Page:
Sunday, July 14, 2013

The Steve Miller Band - 1967 Children Of The Future - 1968 Sailor (Great us psychedelic rock - wave)



A psychedelic blues rock-out, 1968's Children of the Future marked Steve Miller's earliest attempt at the ascent that brought him supersonic superstardom. Recorded at Olympic Studios in London with storied producer Glyn Johns at the helm, the set played out as pure West Coast rock inflected with decade-of-love psychedelia but intriguingly cloaked in the misty pathos of the U.K. blues ethic. Though bandmate Boz Scaggs contributed a few songs, the bulk of the material was written by Miller while working as a janitor at a music studio in Texas earlier in the year. The best of his efforts resonate in a side one free-for-all that launches with the keys and swirls of the title track and segues smoothly through "Pushed Me Through It" and "In My First Mind," bound for the epic, hazy, lazy, organ-inflected "The Beauty of Time Is That It's Snowing," which ebbs and flows in ways that are continually surprising. The second half of the LP is cast in a different light -- a clutch of songs that groove together but don't have the same sleepy flow. Though it has since attained classic status -- Miller himself was still performing it eight years later -- Scaggs' "Baby's Callin' Me Home" is a sparse, lightly instrumentalized piece of good old '60s San Francisco pop. His "Steppin' Stone," on the other hand, is a raucous, heavy-handed blues freakout with a low-riding bass and guitar breaks that angle out in all directions. And whether the title capitalized at all on the Monkees' similarly titled song, released a year earlier, is anybody's guess. Children of the Future was a brilliant debut. And while it is certainly a product of its era, it's still a vibrant reminder of just how the blues co-opted the mainstream to magnificent success.(By Amy Hanson)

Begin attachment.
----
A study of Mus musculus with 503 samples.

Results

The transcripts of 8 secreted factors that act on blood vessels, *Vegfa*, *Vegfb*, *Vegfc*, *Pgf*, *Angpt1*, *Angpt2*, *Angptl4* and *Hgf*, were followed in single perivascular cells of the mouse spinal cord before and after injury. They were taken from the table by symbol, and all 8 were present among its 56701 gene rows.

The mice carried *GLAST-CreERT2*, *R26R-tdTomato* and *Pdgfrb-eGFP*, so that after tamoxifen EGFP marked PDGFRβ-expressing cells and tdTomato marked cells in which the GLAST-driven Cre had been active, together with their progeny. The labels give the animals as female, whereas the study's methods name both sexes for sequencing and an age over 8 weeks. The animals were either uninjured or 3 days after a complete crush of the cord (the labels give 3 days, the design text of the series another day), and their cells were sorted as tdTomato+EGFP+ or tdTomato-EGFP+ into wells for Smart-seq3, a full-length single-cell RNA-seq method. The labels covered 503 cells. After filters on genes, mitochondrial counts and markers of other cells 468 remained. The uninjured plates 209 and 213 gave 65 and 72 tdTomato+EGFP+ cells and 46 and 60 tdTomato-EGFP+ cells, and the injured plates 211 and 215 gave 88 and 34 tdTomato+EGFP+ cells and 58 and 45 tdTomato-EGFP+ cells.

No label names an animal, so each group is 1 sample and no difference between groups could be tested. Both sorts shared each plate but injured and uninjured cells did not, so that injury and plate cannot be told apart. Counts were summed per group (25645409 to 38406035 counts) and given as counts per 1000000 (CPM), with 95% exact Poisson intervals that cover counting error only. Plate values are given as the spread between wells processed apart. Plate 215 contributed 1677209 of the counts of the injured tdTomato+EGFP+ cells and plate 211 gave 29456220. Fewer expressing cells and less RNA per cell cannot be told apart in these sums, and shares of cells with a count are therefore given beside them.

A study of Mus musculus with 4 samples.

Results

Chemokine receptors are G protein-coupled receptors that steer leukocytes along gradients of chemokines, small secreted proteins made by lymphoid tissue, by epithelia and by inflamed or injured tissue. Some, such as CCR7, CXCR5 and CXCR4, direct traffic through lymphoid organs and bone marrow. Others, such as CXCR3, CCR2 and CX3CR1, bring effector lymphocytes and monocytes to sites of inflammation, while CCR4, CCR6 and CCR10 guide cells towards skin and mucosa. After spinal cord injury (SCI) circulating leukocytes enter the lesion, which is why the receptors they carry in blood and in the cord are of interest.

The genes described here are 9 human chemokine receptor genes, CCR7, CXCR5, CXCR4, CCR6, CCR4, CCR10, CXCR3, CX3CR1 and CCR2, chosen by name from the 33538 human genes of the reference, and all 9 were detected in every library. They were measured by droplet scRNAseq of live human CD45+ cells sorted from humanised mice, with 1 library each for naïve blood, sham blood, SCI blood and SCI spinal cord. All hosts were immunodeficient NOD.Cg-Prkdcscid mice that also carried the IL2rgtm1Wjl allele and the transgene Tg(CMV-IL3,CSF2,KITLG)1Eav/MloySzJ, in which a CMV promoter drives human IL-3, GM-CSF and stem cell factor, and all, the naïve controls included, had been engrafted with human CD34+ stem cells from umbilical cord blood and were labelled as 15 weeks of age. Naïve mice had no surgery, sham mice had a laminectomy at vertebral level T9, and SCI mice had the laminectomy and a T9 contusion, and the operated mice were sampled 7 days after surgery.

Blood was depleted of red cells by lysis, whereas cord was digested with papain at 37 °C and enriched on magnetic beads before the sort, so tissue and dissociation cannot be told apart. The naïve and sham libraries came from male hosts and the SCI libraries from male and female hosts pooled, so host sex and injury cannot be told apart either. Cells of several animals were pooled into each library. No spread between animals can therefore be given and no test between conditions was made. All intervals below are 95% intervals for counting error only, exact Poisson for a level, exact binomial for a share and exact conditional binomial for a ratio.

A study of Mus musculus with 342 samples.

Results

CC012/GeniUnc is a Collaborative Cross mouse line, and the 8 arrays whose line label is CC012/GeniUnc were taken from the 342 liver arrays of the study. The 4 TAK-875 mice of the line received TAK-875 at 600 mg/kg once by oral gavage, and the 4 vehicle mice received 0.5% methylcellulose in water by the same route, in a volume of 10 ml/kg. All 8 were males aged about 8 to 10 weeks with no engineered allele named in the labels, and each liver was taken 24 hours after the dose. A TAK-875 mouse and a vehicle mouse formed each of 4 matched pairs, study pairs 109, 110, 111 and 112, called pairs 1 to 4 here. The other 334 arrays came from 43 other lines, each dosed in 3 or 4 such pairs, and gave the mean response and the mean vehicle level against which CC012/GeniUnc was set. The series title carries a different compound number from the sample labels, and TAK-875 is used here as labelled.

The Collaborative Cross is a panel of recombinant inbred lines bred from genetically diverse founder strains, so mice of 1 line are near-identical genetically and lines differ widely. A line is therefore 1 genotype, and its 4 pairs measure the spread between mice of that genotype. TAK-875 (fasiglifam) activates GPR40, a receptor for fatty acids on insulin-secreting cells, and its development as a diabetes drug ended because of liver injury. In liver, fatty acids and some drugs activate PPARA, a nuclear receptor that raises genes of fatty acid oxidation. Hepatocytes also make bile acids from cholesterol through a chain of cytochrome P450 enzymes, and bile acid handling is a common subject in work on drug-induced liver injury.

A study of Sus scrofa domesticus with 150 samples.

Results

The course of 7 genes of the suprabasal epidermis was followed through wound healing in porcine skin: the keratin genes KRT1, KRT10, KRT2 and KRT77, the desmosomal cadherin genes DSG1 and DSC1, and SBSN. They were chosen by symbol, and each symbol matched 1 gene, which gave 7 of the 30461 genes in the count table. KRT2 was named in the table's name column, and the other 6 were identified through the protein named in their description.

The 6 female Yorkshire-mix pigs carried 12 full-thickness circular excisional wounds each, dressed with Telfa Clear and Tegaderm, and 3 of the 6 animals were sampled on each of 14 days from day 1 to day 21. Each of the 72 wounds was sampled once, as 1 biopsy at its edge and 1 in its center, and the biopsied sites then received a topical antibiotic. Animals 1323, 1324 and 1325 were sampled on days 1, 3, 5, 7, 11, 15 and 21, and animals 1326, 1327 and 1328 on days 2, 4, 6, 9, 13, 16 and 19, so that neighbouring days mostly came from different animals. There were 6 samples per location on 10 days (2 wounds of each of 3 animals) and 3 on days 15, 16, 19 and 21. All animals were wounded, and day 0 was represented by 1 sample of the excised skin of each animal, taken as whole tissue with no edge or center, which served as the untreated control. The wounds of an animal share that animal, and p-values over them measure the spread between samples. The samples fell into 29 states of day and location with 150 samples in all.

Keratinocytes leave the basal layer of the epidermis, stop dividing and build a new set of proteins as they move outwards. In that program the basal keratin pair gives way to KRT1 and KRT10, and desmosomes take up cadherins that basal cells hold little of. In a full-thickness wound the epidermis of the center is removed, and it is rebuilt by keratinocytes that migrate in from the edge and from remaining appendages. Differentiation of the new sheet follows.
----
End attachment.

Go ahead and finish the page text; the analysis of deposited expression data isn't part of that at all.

Tracklist

01 Children of the Future – 2:59
02 Pushed Me to It" – 0:38
03 You've Got the Power" – 0:53
04 In My First Mind" (Miller, Jim Peterman) – 7:35
05 The Beauty of Time Is That It's Snowing (Psychedelic B.B.)" – 5:17
06 Baby's Callin' Me Home" (Boz Scaggs) – 3:24
07 Steppin' Stone" (Scaggs) – 3:02
08 Roll with It" – 2:29
09 Junior Saw It Happen" (Jim Pulte) – 2:29
10 Fanny Mae" (Buster Brown) – 3:11
11 Key to the Highway" (Big Bill Broonzy, Charlie Segar) – 6:18

Credits

Steve Miller – vocals, guitar, harmonica
Boz Scaggs – guitar, backing vocals; lead vocals on "Baby's Calling Me Home" & "Steppin' Stone"
Lonnie Turner – bass guitar, backing vocals
Jim Peterman – mellotron on side one, Hammond organ on side two, backing vocals
Tim Davis – drums, backing vocals, lead vocals on "Junior Saw It Happen" & "Fannie Mae"



Tracklist
01 Song for Our Ancestors (Steve Miller) – 5:57
02 Dear Mary (Miller) – 3:35
03 My Friend (Tim Davis, Boz Scaggs) – 3:30
04 Living in the U.S.A. (Miller) – 4:03
05 Quicksilver Girl (Miller) – 2:40
06 Lucky Man (Jim Peterman) – 3:08
07 Gangster of Love (Johnny "Guitar" Watson) – 1:24
08 You're So Fine (Jimmy Reed) – 2:51
09 Overdrive (Scaggs) – 3:54
10 Dime-a-Dance Romance (Scaggs) – 3:26

Credits
Steve Miller – guitar, harmonica, lead vocals
Boz Scaggs – guitar, backing vocals, lead vocals on "Overdrive" & "Dime-A-Dance Romance"
Lonnie Turner – bass guitar, backing vocals
Jim Peterman – keyboards, background vocals, lead vocals on "Lucky Man"
Tim Davis – drums, backing vocals, lead vocals on "My Friend"

Sailor, Miller's second album in 1968, bends from his trippy first album "Children of the Future." Still with the same band, his focus seems to be more on the 3 1/2 minute song as opposed to the suites he composed before. What he did retain was his love of sound effects to create a musical landscape. This album puts you somewhere, down by some bay on a gray, overcast morning. Seagulls, boats and foghorns open up the album with the track "Song for our Ancestors." An interesting journey with tremolo guitars and pulsating Hammond B-3 organ. "Quicksilver Girl" and "Dear Mary" are his most psychadelic on the album, giving way to the undeniable heaviness of tracks like "Livin in the USA" and "You're so Fine" "Livin in the USA" was the track that, many years ago, kicked the door open for me with the music of the SMB. I was so jacked up with the organ "cha-chucks" that accompany Miller's harmonica. Jim Peterman's B-3 playing has so much much thickness to it, it just rockets the song along. Scaggs and Miller also turn in great rhythm playing on this and every tune on the album. This album is trippy, yet greasy in a great way. Great late night party music. Yahoo!